For example, let me pan down here and select just the word Dutch. While that's selected with the Type tool, I can go to the Type menu and choose Create Outlines. You will notice that the text spacing changed a little bit. Why? Because that's not a word anymore, and so all the kerning pairs and so on got removed. If I click on it with the Selection tool, you can see that it's now a separate object, and in fact it's anchored inside the text frame. I will press W to come out of Preview mode, and you can see here is the text frame and here is that object anchored in line. There are several reasons why you might want to convert a single word inside of a paragraph, or just a few words in the outlines. For example, let's say I want to apply a Drop Shadow just to that word. You can't do that with the Effects panel, unless you convert the word to outlines. But now that it is converted, I can go to the Effects panel, and just go give us a Drop Shadow.
Let's make this maybe just a little bit smaller so we can see it better, there we go. There is the drop shadow on that one word. I will close this Effects panel and I am going to revert this document back to the way it was, just because I want to show you a different way of converting things to outlines. I will zoom in on this with the Command+2 or Ctrl+2 on Windows, and I will scroll over here, and instead of simply selecting that frame, and then going and choosing Create Outlines, instead I am going to hold down the Option key on the Mac on Alt on Windows, when I choose Create Outlines.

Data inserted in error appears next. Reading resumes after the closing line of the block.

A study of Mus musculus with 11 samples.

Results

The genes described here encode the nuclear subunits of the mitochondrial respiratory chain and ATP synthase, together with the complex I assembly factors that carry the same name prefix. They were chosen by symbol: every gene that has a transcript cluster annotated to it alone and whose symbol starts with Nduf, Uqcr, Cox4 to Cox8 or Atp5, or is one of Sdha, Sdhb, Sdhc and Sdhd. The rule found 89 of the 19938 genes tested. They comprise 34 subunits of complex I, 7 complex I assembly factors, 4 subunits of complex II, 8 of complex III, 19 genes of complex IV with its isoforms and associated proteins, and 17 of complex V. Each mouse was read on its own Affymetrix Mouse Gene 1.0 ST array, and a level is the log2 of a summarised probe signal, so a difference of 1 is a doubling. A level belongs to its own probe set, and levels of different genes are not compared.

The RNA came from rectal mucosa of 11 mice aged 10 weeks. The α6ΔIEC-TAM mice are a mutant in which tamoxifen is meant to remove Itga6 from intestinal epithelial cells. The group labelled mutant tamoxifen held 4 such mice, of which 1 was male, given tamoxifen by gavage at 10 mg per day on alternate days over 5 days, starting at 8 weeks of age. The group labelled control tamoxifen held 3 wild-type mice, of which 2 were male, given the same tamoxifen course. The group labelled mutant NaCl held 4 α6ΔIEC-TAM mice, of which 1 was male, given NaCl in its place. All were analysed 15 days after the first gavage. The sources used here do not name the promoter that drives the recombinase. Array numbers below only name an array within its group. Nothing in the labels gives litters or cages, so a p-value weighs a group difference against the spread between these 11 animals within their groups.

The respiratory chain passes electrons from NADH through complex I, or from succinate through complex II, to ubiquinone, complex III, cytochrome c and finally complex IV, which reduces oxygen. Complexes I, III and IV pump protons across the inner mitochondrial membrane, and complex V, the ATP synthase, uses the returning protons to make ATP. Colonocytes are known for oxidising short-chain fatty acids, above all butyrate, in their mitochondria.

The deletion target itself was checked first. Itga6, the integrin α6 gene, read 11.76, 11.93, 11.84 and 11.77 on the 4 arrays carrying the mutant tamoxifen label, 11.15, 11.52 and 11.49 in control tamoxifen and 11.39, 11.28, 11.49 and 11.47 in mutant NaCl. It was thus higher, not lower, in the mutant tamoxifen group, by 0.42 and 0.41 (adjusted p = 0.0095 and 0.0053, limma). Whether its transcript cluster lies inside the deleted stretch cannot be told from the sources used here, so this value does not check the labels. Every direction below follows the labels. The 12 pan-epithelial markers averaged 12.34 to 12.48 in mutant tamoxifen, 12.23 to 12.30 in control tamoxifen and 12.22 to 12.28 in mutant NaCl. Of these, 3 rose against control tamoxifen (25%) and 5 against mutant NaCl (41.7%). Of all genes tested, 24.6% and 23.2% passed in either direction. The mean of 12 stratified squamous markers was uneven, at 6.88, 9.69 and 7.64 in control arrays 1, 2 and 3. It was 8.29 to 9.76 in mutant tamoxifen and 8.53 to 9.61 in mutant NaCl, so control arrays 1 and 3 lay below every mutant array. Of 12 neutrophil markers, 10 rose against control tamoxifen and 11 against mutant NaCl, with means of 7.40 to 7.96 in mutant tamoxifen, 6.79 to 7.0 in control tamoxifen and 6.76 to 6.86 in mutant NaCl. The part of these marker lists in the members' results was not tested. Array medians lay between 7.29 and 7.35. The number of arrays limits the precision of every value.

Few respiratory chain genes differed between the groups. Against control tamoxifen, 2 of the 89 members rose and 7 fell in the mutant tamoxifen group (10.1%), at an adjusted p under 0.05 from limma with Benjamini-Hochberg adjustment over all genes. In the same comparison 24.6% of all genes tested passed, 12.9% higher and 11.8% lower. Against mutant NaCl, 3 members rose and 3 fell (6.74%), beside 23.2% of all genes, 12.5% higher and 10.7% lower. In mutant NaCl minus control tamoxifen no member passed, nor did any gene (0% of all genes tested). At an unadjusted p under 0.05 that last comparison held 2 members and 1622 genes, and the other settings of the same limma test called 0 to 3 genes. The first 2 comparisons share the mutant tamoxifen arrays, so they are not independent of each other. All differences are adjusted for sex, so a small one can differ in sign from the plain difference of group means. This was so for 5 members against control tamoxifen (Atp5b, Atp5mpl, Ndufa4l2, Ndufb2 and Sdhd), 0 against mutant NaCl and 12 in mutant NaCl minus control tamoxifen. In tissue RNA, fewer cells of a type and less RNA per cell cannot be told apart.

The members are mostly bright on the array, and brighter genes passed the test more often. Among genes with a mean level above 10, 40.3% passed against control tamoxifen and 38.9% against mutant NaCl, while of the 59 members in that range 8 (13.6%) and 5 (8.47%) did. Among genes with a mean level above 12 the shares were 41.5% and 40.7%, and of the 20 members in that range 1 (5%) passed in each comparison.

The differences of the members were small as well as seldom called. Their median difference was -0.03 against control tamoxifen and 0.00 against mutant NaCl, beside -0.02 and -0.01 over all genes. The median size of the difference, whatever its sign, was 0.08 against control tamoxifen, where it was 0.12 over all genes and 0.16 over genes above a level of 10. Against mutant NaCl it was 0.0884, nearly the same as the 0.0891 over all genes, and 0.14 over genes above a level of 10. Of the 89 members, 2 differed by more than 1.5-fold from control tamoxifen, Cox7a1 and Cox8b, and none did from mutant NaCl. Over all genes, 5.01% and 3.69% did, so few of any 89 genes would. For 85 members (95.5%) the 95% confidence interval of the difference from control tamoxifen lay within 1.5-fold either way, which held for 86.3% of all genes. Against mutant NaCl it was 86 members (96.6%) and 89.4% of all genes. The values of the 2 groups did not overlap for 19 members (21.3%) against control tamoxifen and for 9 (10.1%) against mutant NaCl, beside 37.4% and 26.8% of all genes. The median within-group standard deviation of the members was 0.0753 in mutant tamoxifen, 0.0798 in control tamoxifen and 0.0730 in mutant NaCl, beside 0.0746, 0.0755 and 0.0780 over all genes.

When you hold on that modifier key, something different happens. It actually duplicates the frame. There we go, I have a duplicate of it and one of them is outlined, this one over here and one of them is the original frame. It didn't change the original. I like doing that because it's nice to have an original that I can put off on the pasteboard, I am just going to go out of Preview mode and move that off to the pasteboard, just in case I need to use it later on. You never know if - maybe I made a typo in here, I need to go back to the original. Same thing happens here if I select one word and I hold down the Option or Alt key when I choose Create Outlines, it looks the same but it actually made a duplicate of that when it converted to outlines. So this is not anchored into the text frame. It's actually a separate object now, which has been converted to outlines. Now I want to be really clear about something, I do not recommend people convert a lot of their text outlines.
For example, if your printer tells you that you should convert everything in your document to outlines, I suggest really asking them carefully why they want that. It's usually a very bad practice and almost always unnecessary. Plus, you may lose some really important stuff when converting text to outlines. For example, this text over here has a rule below. If I convert that whole text frame to outlines, I am going to lose that rule below. It just disappears. So you have to be really careful when creating outlines. It's much better to send the printer a PDF file with the fonts embedded if you can, but for the occasional letter or word or some text that you want to apply some kind of special effect to, sure creating outlines is great for that kind of thing.